NEWARK, NJ – Attorney General Jeffrey S. Chiesa and the New Jersey Division of Consumer Affairs today reminded consumers to beware of home repair scams and charity scams while they recover from the damage caused by violent thunderstorms that led to emergency declarations in Atlantic, Cumberland and Salem counties, and the water main break that led to an emergency declaration in Monmouth County.
“Disasters and emergencies attract their share of con artists and frauds, from fly-by-night home improvement contractors, to fake charities that only seek to line their own pockets,” Attorney General Chiesa said. “New Jersey consumers recovering from water and wind damage should look at every sales pitch and charity solicitation with a critical eye. They have endured enough, without the added outrage of being scammed.”
Attorney General Chiesa noted that dishonest home improvement contractors have been known to prey on individuals seeking to repair their homes after severe emergencies. Offering low prices and speedy service, they may leave consumers with poor or unfinished work, and homes that remain unsafe.
“Con artists thrive in situations when stress levels are high, and consumers feel they must act quickly without closely examining the person they’re doing business with,” said Eric T. Kanefsky, Acting Director of the New Jersey Division of Consumer Affairs. “If you contact the Division of Consumer Affairs, we can help you determine whether a contractor or purported charitable organization is legitimate.”
The Division of Consumer Affairs provides tips for consumers on “How To Avoid Disaster-Related Scams,” including information on price gouging and on the home-repair scams and charity scams that have been known to arise during times of emergency:
- In English at http://www.njconsumeraffairs.gov/disaster/floodtipsflyer_1.pdf
- And in Spanish at http://www.njconsumeraffairs.gov/disaster/floodtipsflyerSP_1.pdf
Important tips include:
Information on Home Repair Scams:
- Demand identification before you let anyone who claims to be from a utility company inspect your home.
- Never give your credit card number or financial information to strangers over the phone or on the Internet.
- Learn whether the contractor is properly registered with the Division of Consumer Affairs. Call the Division at 800-242-5846, or use the free "New Jersey Professional License Lookup" iPhone app, available by visiting www.NJConsumerAffairs.com.
- Call the Division of Consumer Affairs to learn whether the contractor has been the subject of consumer complaints. You can also check the Division's online listing of legal filings, at www.NJConsumerAffairs.com/ocp/filings.htm, to learn whether the business has been the subject of legal action by the Division.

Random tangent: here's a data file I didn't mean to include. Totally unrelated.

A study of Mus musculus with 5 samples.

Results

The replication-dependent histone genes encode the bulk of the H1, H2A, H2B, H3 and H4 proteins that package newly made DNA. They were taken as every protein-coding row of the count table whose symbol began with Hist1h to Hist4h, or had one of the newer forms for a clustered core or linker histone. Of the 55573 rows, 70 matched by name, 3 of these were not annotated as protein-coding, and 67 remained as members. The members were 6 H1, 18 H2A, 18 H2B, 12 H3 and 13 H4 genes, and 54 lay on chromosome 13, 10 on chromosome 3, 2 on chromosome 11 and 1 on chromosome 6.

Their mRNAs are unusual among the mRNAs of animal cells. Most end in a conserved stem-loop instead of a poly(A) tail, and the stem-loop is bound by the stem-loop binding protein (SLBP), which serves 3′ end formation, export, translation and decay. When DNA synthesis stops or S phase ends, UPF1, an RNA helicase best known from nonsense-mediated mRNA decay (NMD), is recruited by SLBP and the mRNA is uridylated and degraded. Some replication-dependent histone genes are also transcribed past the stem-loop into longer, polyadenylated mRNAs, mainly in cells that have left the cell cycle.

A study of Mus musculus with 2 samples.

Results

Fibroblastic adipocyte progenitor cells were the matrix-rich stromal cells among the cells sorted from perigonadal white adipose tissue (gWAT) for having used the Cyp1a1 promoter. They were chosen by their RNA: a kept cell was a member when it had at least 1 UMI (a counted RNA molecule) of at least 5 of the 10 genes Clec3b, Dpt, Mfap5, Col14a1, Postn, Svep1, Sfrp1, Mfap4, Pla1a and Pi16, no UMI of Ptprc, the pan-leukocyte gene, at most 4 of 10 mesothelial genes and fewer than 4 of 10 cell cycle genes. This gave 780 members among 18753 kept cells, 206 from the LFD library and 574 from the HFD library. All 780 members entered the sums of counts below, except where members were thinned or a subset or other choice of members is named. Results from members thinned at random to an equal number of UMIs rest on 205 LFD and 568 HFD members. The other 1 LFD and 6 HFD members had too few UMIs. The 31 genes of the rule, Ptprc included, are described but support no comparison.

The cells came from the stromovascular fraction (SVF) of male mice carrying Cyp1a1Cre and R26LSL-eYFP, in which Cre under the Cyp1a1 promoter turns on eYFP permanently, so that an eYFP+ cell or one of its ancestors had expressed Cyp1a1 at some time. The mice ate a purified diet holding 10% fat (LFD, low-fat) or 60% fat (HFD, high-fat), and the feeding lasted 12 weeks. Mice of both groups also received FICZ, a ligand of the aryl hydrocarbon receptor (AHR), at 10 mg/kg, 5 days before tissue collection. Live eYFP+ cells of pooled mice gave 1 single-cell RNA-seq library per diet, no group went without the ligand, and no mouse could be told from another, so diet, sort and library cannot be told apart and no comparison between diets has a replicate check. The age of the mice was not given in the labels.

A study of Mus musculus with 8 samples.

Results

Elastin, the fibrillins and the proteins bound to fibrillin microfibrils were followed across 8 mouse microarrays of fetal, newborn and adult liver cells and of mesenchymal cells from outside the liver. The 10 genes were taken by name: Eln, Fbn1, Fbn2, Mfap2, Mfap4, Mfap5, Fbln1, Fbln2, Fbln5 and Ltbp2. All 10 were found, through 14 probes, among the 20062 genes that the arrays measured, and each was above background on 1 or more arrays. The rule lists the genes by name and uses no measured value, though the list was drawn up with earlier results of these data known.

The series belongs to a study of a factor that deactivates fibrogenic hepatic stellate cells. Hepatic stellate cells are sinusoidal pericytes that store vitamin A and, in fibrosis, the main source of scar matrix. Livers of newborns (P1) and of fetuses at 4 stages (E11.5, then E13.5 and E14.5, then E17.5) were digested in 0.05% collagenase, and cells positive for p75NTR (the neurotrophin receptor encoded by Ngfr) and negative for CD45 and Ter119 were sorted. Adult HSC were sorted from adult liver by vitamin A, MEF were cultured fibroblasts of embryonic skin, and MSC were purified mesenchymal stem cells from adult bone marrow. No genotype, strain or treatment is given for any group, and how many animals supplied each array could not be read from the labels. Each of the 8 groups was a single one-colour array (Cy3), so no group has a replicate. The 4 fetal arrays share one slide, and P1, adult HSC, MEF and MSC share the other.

- Demand a copy of the contractor's liability insurance policy, and contact the insurer to make sure the policy is valid.
- It is customary not to pay for the entire home improvement project in advance. Pay one-third beforehand, one-third halfway through, and one-third upon completion.
Information on Charity Scams:
- Before donating to a charity, find out whether the charity is registered to solicit funds in New Jersey, or is exempt from registration (certain religious and educational organizations, and charities who raise less than $10,000 annually in contributions, are exempt).
- Find out how, exactly the charity plans to use your money. Learn how much the charity spent during recent fiscal years on program costs, management costs, and fundraising. Learn about the charity's stated mission.
- The charity should readily provide all of this information to you. Verify the information by calling the Division of Consumer Affairs' Charities Registration Hotline at 973-504-6215, or the Charities Registration page at www.NJConsumerAffairs.gov.
Information on Auto Repair: Consumers whose cars were damaged by the floods or fallen debris, should:
- Check out auto repair shops by calling Consumer Affairs' Consumer Service Center and asking about any past actions and/or consumer complaints.
- Get a cost estimate in writing and be sure to remind the mechanic to get your authorization before making repairs not listed on the original repair order. Auto repair shops are required by law to do so.
- If you believe the mechanic has recommended unnecessary work or you are dissatisfied with the estimate, get a second opinion.
- If the work is guaranteed, get all the warranty information in writing on the repair order or bill.
Consumers who believe they have been cheated or scammed by a business, or suspect any other form of consumer abuse, can file a complaint with the State Division of Consumer Affairs by visiting its website or by calling 1-800-242-5846 (toll free within New Jersey ) or 973-504-6200.